From the Jacket:
The landscape of North Indian religion was dramatically transformed in the 15th and 16th centuries by a remarkable family of post-saints. Among the most famous and beloved of these figures - in India and throughout the world - are Mirabai, Surdas, and Kabir. In this book, John Stratton Hawley takes a probing look at all three, finding that many of the beliefs and legends surrounding them - even central motifs - emerged long after their deaths.
Analyzing the oldest manuscripts in libraries and collections across North India, Hawley describes how these poets were heard and perceived in their own day. The results of this exploration are quite startling. Surdas was probably not blind until very late in life, and he was never a pupil of Vallabhacharya. The finty Kabir was early on celebrated as a poet of Krishna. And poems that would tie Mirabai to her own century do not seem to exist.
Who then are these great bhakti poets? Hawley shows that to a surprising degree they are creations of those who have loved them through the centuries. Weaving in some sixty-five English verse translations, most of them based on early manuscripts, Hawley tells this fascinating story of change and transmission.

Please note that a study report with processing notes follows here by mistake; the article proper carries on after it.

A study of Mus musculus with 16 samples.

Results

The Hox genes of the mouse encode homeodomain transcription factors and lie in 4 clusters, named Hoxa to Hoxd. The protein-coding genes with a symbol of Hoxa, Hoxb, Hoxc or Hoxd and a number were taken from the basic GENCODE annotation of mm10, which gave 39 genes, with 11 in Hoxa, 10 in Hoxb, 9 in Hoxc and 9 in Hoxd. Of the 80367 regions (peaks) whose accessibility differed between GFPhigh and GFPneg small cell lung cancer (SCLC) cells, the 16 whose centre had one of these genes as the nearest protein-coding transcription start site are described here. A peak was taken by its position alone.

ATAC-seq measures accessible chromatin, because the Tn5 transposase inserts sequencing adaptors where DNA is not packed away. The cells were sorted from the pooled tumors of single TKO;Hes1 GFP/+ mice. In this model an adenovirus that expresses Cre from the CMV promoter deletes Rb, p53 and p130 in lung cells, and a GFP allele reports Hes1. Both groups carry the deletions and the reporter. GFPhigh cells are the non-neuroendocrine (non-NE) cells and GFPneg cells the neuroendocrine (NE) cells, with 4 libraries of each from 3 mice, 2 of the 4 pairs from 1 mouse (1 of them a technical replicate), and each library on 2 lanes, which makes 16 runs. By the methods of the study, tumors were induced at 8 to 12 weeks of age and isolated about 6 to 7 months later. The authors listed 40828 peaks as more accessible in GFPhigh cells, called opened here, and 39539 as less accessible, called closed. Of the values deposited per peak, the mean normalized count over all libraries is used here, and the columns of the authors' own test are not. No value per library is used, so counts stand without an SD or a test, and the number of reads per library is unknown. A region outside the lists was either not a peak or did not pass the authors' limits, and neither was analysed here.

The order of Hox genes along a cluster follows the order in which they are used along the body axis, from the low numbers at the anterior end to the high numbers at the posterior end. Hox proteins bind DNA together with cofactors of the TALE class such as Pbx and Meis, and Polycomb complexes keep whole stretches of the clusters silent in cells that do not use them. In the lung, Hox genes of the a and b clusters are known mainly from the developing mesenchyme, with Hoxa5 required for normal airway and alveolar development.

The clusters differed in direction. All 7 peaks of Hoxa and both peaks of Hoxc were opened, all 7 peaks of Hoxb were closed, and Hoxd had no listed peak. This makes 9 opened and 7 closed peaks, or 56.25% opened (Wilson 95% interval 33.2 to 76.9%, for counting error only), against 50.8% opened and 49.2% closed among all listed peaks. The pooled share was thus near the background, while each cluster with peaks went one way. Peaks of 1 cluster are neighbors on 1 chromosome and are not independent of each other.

Three Bhakti Voices brings together more than two decades of scholarly work. A number of chapters are new, while others situate previously published essay in a context designed to draw out the connections between Mira, Sur, and Kabir. Hawley begins the volume with a section on 'The Bhakti Poet-Saint' that ranges over the literature of North Indian bhakti as a whole. He ends with a meditation on what bhakti studies like this mean in the world today.
This book will appeal to anyone interested in bhakti or in the history of how major North Indian cultural motifs and institutions evolve. It is also relevant to the comparative study of saints and exemplars. Students of Hinduism, Indian and Asian religions, and Indian history will find this volume engaging.
About the Author:
John Stratton Hawley is Ann Whitney Olin Professor, Department of Religion, Barnard College, Columbia University, New York. He has published some dozen books - among them Songs of the Saints of India (with Mark Juergensmeyar); Sur Das: Poet, Singer, Saint and Krishna, the Butter Thief - and contributed to various journals and encyclopaedias. His forthcoming works include Sur's Ocean and The Life of Hinduism (coedited with Vasudha Narayanan).